Keeping wildlife away from sheds

Picture of a fox kit
A red fox (Vulpes vulpes) cautiously leaves their den site.
Photo by merrilyanne / Getty Images

As long as humans have sheds and decks, we’re likely to occasionally find wildlife burrowing under them for a safe place. While this can be a frustrating or alarming situation, it doesn’t have to feel that way – particularly when you understand why the animals are there, how to encourage them to move on, and how simple prevention can be!

Who’s Visiting?

Life under a shed is kind of great for a lot of wildlife who call your area home. It’s dark, often cool, and protected from predators. Why wouldn’t someone want to set up shop? Fortunately, a lot of wildlife will use these as temporary shelters during baby season or if they’re being forced out of their existing homes by development or extreme weather (like wildfires). Simply being patient – and monitoring from a distance – can see the issue resolve itself.

The first step in managing wildlife underneath decks or sheds is to correctly identify who is using the space for a nest. We recommend trail cameras (or outdoor security cameras) placed at a safe distance from entry holes. Monitoring the results for a few days could be surprising or show that the animal who visited the site once hasn’t stayed. Once you know who’s visiting, how long they’ve been there, and if they have any babies or young, you can easily take steps to encourage them along or safely block access to the location.

Moving Along

If there are no young present and after several days it doesn’t appear the animal is planning on leaving the site, there are some simple techniques you can use that help. Please note that these are meant to be non-invasive and you should never harm the animal. If you require professional assistance, we recommend hiring a humane wildlife removal operator. British Columbians can check the website for certified humane removal operators; we recommend contacting local SPCAs or wildlife rehabilitators for recommendations elsewhere.

  • Transistor Radio. A small, outdoor radio playing an AM station placed near the entryway can act as a low impact deterrent.
  • Smelly Container. Put an unwanted rag into a sealable container with a bit of cider vinegar (or ammonia, though this is being recommended less often as it can be harmful to people, pets, wildlife and the environment), and create small holes that will allow the smell (but not the liquid) to escape. Keep this near the entryway and monitor regularly.
  • Motion-activated Lights or Sprinklers. A single overhead light may not deter urban animals but flashing patterns or “predator eyes” style lights can be very effective, as can a sprinkler that activates when an animal passes it.
  • Landscaping. Clear away any tall grasses, shrubs, or plants that provide cover around the entryway.
A trail camera showed the fascinating interaction between a pair of raccoons and a skunk, who's laid temporary claim to a space under an urban deck in Hamilton.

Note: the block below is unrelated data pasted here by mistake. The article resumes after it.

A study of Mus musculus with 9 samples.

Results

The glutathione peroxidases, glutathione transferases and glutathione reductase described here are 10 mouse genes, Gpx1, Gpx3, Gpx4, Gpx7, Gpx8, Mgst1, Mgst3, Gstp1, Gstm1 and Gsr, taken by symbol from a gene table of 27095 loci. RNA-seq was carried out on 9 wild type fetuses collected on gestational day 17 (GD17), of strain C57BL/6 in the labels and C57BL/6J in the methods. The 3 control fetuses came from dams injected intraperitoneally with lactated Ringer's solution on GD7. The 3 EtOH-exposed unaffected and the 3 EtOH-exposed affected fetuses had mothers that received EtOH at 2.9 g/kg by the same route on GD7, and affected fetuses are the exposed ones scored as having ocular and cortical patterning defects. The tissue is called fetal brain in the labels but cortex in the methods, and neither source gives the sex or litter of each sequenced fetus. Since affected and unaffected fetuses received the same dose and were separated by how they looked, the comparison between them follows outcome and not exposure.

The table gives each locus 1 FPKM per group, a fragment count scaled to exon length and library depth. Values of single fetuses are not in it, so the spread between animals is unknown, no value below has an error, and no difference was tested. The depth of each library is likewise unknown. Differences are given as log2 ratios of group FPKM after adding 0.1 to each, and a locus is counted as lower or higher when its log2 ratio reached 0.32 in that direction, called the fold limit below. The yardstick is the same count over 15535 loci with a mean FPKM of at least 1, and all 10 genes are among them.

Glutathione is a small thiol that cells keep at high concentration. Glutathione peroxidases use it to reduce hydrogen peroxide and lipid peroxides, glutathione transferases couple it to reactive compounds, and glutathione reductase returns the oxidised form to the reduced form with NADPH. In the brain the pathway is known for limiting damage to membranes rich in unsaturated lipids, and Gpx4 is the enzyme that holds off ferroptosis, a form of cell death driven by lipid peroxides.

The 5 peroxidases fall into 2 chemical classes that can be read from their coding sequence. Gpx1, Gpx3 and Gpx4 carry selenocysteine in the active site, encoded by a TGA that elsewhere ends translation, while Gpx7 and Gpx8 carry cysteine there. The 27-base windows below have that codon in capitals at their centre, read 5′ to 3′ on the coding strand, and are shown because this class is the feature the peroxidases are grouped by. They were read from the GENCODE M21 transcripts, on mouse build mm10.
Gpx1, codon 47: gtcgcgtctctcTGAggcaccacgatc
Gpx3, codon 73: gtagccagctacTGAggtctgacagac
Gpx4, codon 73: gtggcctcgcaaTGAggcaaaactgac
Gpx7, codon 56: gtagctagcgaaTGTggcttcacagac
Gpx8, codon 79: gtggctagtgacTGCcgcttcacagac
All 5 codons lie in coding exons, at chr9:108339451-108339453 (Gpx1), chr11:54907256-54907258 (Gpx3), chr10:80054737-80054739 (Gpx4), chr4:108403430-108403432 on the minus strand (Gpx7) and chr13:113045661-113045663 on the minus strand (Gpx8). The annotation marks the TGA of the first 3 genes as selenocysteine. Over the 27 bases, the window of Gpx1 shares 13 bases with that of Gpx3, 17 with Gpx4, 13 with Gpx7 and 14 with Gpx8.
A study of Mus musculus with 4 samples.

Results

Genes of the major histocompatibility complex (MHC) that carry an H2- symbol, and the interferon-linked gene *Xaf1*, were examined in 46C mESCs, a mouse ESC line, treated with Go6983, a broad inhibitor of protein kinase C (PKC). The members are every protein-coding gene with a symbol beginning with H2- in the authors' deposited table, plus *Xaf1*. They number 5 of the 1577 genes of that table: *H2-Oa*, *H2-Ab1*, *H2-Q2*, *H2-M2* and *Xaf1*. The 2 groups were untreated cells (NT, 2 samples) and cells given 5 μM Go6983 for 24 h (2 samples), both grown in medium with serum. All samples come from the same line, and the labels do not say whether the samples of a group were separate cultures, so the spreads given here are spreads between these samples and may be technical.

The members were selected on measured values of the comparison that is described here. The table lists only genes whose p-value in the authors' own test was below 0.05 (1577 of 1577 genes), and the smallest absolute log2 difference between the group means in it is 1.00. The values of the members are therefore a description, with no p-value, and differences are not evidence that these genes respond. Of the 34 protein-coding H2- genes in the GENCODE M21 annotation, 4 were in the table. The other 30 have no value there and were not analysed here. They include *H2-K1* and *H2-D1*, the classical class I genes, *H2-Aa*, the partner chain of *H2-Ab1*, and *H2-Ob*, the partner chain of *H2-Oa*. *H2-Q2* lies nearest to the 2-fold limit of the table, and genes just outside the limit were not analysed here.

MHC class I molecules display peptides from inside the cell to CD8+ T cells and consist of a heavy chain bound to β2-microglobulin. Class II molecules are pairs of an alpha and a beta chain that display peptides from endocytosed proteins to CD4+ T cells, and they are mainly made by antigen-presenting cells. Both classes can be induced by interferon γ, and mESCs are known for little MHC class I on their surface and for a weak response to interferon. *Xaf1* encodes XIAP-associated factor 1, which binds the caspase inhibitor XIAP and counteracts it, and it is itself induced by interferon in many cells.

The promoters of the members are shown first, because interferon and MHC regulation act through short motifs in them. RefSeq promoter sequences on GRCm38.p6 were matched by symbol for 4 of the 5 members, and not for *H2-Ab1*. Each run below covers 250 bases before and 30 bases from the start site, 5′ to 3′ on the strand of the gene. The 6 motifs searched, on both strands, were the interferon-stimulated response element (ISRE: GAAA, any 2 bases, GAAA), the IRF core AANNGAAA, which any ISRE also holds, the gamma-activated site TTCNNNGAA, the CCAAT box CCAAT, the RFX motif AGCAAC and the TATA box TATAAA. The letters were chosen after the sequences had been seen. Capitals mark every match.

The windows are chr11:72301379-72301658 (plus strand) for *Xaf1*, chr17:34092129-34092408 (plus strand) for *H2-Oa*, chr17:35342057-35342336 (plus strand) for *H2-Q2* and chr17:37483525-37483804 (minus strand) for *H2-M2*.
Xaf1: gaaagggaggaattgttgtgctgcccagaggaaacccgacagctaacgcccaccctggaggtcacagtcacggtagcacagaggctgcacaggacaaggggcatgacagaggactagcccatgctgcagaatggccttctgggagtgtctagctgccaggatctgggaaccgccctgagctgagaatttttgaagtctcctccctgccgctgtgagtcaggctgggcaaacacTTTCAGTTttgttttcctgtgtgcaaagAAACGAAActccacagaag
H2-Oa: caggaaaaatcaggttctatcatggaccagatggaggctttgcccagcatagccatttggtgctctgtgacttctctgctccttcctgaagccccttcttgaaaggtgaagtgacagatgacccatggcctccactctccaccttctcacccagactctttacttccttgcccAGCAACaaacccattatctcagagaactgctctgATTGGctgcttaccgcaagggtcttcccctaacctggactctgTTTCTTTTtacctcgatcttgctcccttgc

Staying Out

Once you’re certain the space under your deck or shed is clear of wildlife, it’s time to take steps to ensure they can’t get back in. Not all of these tips apply to all situations, and a combination of options may be necessary.

  1. Cover holes with rock or gravel fill and surround the shed with it. This type of fill is uncomfortable for animals to dig through (compared to bare soil) and will slow down attempts to burrow. Bonus: it helps keep weeds back!
  2. Skirt the shed. You can buy pre-fabricated skirts at landscape or hardware supply stores or make your own. Skirts are buried around an area that you want to protect from burrowing, and can be made from types of metal, wood, or vinyl. You can even get some styles that will make your shed look nicer! Alternatively, you can use hardware cloth (not chicken wire) to achieve a similar result.
  3. Seal gaps. Mice can access a space the size of a dime – using your preferred weather-resistant material, fill in gaps to prevent access.
  4. Keep your shed in ship-shape. Inspecting your shed, deck, or other structures on your property for maintenance issues and addressing anything promptly is essential.

Remove attractants. If you have compost, unsecure garbage, pet food, or other food stuffs around your shed, you’re more likely to see wildlife visiting and looking for hideaways nearby. Removing attractants and doing a seasonal check of your home can prevent many issues from arising.

NOTE: Trapping and relocating, poisoning, and other lethal methods are not humane and do not resolve underlying issues that may have led to wildlife seeking shelter on your property. Many of these tools, while available to the public, carry significant fines for misuse under wildlife and environmental legislation federally, provincially, and at the local level.

Everywhere in Canada that humans live, wildlife live. It’s up to us to make sure we can coexist and thrive together. Learn more about coexisting with wildlife by clicking here.